TOPSHAM — As the saying goes, “If it ain’t broke, don’t fix it.” If only Gov. LePage and the then-Republican-controlled Legislature had heeded this warning before they set about to “reform” Maine’s workers’ compensation law in the spring of 2012, at the expense of Maine’s injured workers.

Lest you think that this is just yesterday’s news, it isn’t. The media recently reported that Maine businesses will see an average of a 7.7 percent drop in their workers’ compensation premiums beginning April 1. This is the largest drop since 1998, projected to save Maine businesses $15.2 million.

However, before our state government starts crowing about the decrease in rates, let’s make one thing clear: This drop has nothing to do with the law changes pushed through in 2012.

On the contrary, the rate drop we are seeing this year – and the fact that workers’ compensation rates in Maine have decreased 52.7 percent since the workers’ compensation overhaul was passed back in 1992 – bring up some very serious questions. Why did the LePage administration – with help from the Republican-controlled Legislature – make extreme changes to the law – changes that, seen with the continued decrease in rates, were not only completely unnecessary and excessive, but also punitive to Maine workers?

The 2012 law substantially reduced long-term benefits for workers with the most serious injuries – those whose permanent disability prevents them from recouping their pre-injury level of wages.

For example, a highly trained machinist who was permanently injured by a piece of faulty equipment at work can now only do a desk job that pays half his normal salary. His workers’ compensation insurance (which protects companies from lawsuits, just as it protects workers who get injured) provides benefits to make up the difference in pay.

The new 2012 law ends wage-replacement benefits for nearly all such workers after 10 years, regardless of how old they are or when they are able to retire. This premature benefit termination will cause considerable financial hardship, if not financial ruin, to thousands of hardworking Mainers and their families.

It’s a stiff price to pay to fix a system that was already working and saving Maine businesses and insurers millions of dollars.

In fact, in early 2012, just when the legislative battle over workers’ comp was heating up, Maine’s Tri-agency Annual Report on the Status of the State of Maine Workers’ Compensation System was issued. That 2012 report concluded that Maine had one of the most stable workers’ compensation systems in the country.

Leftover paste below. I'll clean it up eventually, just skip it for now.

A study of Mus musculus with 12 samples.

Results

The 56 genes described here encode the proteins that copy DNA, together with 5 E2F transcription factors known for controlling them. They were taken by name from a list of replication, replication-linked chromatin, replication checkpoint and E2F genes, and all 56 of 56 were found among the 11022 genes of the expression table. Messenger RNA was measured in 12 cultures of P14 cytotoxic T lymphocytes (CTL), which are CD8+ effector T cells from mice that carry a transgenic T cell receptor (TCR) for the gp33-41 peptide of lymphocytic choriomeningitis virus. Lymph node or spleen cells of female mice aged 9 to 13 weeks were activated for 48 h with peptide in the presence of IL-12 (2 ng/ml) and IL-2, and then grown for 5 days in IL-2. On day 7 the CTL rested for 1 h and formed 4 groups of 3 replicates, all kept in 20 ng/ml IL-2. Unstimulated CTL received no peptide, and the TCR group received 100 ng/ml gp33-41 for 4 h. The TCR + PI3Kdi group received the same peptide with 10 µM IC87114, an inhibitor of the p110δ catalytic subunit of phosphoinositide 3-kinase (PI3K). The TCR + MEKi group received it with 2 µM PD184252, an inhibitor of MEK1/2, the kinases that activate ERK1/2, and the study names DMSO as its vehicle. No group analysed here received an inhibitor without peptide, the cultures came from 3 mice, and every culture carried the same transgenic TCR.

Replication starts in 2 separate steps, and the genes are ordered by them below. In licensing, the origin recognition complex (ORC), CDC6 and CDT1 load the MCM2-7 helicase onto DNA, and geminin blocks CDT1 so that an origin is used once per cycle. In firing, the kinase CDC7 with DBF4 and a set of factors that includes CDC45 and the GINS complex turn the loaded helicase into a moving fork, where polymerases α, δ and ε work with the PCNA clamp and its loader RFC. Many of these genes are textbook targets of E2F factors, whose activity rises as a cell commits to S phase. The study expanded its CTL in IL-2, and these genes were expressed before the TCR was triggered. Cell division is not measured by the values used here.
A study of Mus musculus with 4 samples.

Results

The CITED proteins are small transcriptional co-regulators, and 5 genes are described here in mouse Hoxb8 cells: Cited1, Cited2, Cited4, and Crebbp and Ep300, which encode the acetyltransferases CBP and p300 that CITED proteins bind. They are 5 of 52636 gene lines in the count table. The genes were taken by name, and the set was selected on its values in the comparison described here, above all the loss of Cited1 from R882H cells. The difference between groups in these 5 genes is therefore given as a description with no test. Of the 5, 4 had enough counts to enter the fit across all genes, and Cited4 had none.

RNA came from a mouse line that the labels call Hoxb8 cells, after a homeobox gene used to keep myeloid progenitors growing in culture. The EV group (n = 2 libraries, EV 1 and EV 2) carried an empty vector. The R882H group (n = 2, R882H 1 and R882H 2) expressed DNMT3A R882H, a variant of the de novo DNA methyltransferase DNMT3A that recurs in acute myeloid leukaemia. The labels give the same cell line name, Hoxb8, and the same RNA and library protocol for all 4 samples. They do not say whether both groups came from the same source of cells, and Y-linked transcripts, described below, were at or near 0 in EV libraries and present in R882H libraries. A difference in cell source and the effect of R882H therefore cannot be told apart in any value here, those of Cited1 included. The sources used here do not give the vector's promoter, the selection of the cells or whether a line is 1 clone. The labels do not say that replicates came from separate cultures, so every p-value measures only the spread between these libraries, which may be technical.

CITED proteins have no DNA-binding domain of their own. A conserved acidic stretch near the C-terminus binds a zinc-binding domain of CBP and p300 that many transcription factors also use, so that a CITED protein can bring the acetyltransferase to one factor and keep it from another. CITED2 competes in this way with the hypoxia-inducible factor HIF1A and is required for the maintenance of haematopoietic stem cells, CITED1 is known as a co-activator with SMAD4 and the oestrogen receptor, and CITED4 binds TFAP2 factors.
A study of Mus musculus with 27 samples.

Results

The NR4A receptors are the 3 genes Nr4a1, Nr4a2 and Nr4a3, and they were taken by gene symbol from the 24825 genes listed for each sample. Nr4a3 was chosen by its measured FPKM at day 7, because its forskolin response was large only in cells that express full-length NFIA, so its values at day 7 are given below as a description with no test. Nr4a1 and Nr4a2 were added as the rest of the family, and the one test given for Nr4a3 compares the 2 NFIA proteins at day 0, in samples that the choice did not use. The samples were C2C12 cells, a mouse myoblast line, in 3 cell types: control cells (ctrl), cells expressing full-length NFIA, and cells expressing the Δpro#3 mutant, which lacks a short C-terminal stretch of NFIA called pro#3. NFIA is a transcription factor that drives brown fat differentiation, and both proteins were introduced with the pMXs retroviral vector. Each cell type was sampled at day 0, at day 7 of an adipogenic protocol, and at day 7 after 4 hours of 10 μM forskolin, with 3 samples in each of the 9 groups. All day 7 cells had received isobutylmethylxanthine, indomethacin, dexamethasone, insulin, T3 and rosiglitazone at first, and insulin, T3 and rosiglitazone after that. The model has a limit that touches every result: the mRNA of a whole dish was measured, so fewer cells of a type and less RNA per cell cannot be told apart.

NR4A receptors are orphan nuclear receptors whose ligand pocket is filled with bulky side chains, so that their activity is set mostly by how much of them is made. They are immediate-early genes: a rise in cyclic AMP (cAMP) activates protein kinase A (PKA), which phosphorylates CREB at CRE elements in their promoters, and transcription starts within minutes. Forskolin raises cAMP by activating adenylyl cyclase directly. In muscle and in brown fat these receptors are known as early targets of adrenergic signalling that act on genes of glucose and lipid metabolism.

Indeed, the report was quite glowing about the extent to which Maine had lowered costs, stabilized its compensation system and created a fair balance between costs and benefits.

As a result, since 1992, the report noted, Maine had moved from one of the most expensive compensation systems in the country to squarely in the middle of the pack.

Which brings us back to the “ain’t broke” part of the equation. In 2012, were Maine businesses clamoring for a reduction in benefits to injured workers? They were not. Were Maine’s insurance companies closing up shop and taking their business elsewhere? No. Why not? Because, as all reasonable people recognized – and as the 2012 report confirmed – the system was working.

If the system was working so well, why was the law changed to slash long-term benefits for Maine’s injured workers? Politics, pure and simple.

For the first time in more than 50 years, the Republican Party controlled the Blaine House and both houses of the Maine Legislature. The Republicans saw a rare opportunity to reward businesses at the expense of working Mainers, many of them in labor unions.

They used their majorities to muscle through a major reduction in benefits to a highly vulnerable segment of our population. Without a further change in the law, the victims of this legislative debacle will be paying the price for a long time to come.

As we prepare for an upcoming election season, with both the governorship and the Legislature up for grabs, we would do well to heed the lessons of the 2012 workers’ comp overhaul.

Elections matter. So do reason, fairness and compassion. Workers deserve to be paid compensation for as long as their injuries last. Let’s elect representatives who will make that happen.